A systematic review of motivational interviewing in physical health care settings


Purpose.

Motivational interviewing (MI), a method of augmenting an individual's motivation to change problematic behaviours, is a patient-centred counselling style that seeks to help patients resolve ambivalence about behaviour change. MI has successfully been used in the field of addictions and has recently received increased interest as a means of promoting treatment adherence in physical health care settings. This systematic review is aimed to evaluate the effectiveness of MI interventions in physical health care settings.

Methods.

Electronic databases were searched for articles specifying the use of ‘motivational interviewing’ in physical health care settings between 1966 and April 2004. Fifty-one relevant abstracts were yielded and data was extracted from eight relevant selected studies.

Results.

Eight studies were identified in the fields of diabetes, asthma, hypertension, hyperlipidaemia, and heart disease. The majority of studies found positive results for effects of MI on psychological, physiological, and life-style change outcomes. Problems with research in this area include: small sample sizes, lack of power, use of disparate multiple outcomes, inadequate validation of questionnaires, poorly-defined therapy and training.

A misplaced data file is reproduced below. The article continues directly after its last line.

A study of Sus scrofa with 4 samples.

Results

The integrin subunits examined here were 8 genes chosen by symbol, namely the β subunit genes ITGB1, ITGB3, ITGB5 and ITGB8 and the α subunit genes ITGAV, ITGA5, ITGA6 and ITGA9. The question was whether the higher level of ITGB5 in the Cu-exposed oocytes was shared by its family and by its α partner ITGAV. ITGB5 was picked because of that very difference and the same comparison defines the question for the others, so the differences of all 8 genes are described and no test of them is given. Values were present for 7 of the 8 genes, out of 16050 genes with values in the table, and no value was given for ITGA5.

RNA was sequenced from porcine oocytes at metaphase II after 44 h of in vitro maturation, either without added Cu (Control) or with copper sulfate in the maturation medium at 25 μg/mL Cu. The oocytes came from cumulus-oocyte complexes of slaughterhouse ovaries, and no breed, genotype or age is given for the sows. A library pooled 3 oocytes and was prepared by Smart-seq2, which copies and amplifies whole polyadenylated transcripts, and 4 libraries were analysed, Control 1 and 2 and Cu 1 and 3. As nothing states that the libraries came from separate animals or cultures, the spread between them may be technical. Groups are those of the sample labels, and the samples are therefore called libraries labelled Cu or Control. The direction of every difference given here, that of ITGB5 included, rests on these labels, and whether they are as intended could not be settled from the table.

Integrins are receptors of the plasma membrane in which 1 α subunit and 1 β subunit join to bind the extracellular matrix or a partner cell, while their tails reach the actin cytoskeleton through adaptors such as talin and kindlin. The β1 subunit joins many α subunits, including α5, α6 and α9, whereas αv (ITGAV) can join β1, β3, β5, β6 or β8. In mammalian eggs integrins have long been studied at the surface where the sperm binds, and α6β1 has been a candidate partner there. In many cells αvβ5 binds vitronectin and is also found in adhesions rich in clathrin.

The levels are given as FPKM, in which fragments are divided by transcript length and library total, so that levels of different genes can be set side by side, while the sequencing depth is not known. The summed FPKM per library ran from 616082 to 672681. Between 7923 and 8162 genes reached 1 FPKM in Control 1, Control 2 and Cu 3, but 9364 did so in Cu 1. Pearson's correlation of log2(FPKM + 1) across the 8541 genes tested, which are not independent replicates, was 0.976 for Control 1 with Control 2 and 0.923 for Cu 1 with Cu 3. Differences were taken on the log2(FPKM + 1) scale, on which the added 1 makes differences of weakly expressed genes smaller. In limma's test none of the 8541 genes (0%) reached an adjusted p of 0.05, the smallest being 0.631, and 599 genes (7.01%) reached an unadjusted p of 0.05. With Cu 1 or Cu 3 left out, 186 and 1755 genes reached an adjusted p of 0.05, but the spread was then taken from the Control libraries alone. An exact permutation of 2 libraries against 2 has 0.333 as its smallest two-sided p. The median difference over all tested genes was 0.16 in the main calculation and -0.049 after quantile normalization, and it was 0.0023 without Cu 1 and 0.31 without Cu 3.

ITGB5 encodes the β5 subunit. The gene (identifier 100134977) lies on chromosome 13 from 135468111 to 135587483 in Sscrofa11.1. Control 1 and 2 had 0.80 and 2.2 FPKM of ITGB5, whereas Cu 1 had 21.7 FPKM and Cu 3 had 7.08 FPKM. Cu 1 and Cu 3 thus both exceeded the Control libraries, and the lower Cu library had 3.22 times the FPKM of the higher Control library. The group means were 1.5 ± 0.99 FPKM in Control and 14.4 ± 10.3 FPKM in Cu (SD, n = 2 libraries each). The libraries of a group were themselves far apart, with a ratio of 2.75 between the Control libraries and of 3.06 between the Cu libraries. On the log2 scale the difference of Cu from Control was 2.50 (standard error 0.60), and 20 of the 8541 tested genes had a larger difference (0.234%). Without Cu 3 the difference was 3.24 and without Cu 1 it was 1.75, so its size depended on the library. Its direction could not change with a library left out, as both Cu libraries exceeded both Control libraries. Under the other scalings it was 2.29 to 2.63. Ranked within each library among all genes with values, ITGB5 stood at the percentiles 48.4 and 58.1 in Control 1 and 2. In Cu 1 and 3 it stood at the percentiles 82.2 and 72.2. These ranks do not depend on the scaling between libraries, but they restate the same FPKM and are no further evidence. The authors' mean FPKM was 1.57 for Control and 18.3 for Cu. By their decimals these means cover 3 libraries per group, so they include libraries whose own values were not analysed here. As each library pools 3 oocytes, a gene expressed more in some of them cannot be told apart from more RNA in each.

Conclusions.

While MI has high face validity across a number of domains in physical health care settings, the general quality of trials in this area is inadequate and therefore recommendations for its dissemination in this area cannot yet be made. More research into MI applied to health behaviour change is urgently required.